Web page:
Sleep debt is a word used to describe your level of sleepiness. The more sleep debt you have, the sleepier you feel. The less sleep debt you have, the more awake and alert you feel.
Ideally, you would have no sleep debt during your work day so you feel bright and alert, and enough sleep debt at night to fall asleep quickly.
Many people don’t get enough hours sleep to repay all their sleep debt. They have to carry the sleep debt with them during the day until their next opportunity to pay it off.
But there are some people who, despite feeling sleepy during the day, just can’t fall asleep at night. Why is that? Surely people with insomnia have the highest sleep debt, so why can’t they fall asleep faster than everyone else?
This article explains the two separate processes that keep you alert and send you to sleep. Learn how to use them to your advantage to keep alert during the day and sleep deeply at night.
1. How long you have stayed awake for
One of the deciders of how sleepy you feel is how long you’ve been awake for. The technical term for this is sleep homeostasis. Homeostatic pressure builds up the longer you stay awake increasing the pressure to sleep. When you sleep the pressure is released.
How quickly you release the pressure depends on two factors:
- Sleep duration – How long you sleep for, getting your recommended hours of sleep
- Sleep quality – How much of your sleep is deep sleep
If you don’t release all the pressure it stays with you making you feel sleepy the next day. You’ll then have even more built up pressure to fall asleep.
Pressure to sleep builds up during the day and is released during the night whilst asleep.
2. Where you are in your Circadian Rhythm
So you feel sleepier the longer you stay awake. That makes sense, right? But how sleepy you feel isn’t quite that simple, as any insomniac would readily attest to.
Sleep homeostasis doesn’t explain why you can become overtired, when you just can’t fall asleep after doing an all nighter. Or why you feel exhausted at the end of your work day, but become alive in the evening.
There’s one more factor that governs sleep, your circadian rhythm, also known as the circadian alerting force. This is created by your body clock to keep you awake and stick to a good sleep schedule.
The circadian alerting force builds slowly during the day reaching its peak mid evening just before it starts to drop.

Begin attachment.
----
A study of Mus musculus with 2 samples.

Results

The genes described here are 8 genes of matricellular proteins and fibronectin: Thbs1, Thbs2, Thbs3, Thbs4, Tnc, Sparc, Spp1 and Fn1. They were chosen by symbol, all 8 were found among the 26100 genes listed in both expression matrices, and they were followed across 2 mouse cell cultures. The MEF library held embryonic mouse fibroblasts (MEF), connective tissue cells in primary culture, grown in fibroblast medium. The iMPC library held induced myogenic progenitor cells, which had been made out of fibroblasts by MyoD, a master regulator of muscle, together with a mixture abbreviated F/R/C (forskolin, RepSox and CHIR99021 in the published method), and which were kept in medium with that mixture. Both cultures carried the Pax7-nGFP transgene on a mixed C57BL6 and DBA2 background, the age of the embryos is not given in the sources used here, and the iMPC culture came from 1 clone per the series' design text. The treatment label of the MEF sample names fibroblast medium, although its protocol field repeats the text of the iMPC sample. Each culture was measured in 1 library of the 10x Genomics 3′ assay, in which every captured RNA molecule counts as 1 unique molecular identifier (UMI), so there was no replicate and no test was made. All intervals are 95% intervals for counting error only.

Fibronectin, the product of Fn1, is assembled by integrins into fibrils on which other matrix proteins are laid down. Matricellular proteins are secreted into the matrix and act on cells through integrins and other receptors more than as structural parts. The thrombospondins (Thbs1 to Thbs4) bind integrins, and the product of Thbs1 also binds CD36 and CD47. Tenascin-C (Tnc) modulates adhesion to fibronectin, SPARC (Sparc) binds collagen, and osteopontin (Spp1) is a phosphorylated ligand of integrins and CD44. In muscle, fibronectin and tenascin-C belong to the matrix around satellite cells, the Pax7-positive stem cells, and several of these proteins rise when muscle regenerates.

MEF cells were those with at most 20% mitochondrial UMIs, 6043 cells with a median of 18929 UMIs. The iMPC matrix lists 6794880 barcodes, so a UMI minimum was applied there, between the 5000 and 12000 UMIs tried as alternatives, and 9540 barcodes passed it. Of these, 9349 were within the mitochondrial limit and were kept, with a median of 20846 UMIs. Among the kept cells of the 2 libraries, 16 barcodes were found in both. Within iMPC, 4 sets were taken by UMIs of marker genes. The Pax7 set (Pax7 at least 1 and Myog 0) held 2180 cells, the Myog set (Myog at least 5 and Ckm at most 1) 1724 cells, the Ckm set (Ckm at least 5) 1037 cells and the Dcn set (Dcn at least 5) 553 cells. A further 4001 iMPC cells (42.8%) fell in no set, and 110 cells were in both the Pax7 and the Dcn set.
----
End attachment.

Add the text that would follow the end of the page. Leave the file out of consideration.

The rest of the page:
The dip at the end is crucial. It’s during that time we’re able to sleep.
Combined = The Two Process Model of Sleep
How sleepy you feel and how easy it is to fall asleep is combination of two factors:
- How long you have stayed awake for – the homeostatic pressure
- Where you are in your circadian rhythm – the circadian alerting force
Together they look like this:
The homeostatic pressure builds during the day to make you sleepy but is countered by the circadian rhythm to make you feel alert.
The dip at the end of the circadian rhythm is crucial to our sleep. It’s during this dip that we have an opportunity to fall asleep. When the circadian rhythm is no longer opposing the homeostatic pressure.
Falling asleep before this dip when the circadian rhythm is at its peak is near impossible. This is why having an early night doesn’t mean that you’ll be able to sleep any earlier.
There’s one major problem with the circadian rhythm. Whilst sleep homeostasis is relatively stable, the circadian rhythm can shift backwards and forwards in time. It might dip too soon so you fall asleep in the evening, or it might peak too late, so you can’t sleep until the early hours of the morning. This is the reason why it is so important to have a good sleep schedule. To keep the circadian rhythm firmly in place.
Your Overall Level of Alertness
When sleep homeostasis and the circadian alerting force are combined, the picture looks something like this:
There’s a slight dip in alertness during the afternoon known as the post lunch dip. Most scientists agree to its existence, but no one actually knows why its there.
By using this graph you can get an indication of how sleepy and alert you’ll feel at different times of the day.
Businesses use this graph to get the most out of their workforce. It’s called fatigue management. It’s useful for jobs where people work around the clock doing dangerous jobs that can cause harm to themselves or others. Such as fighter pilots, soldiers on the front line and overnight factory workers operating heavy machinery.
But personally, you can use this information to boost your productivity and enhance your sleep.
Do high energy tasks when you’re alert– Creative thinking works best in the morning or in the evening a few hours before you go to bed.
Do low energy tasks when you’re sleepy – Process your emails and perform routine tasks after lunch during the post lunch dip.
Don’t sleep during the day if you have problems sleeping – It releases homeostatic pressure which you need enough of to fall asleep at night.
Don’t try to fall asleep too early – This is when we have our peak alertness. Known as the forbidden zone by sleep experts because trying to sleep at this time is near impossible.
Avoid light during the night before bed – Light prevents the circadian alerting force from dipping.
The best time to power nap is just after lunch – You’ll be able to nap far more easily during the post lunch dip.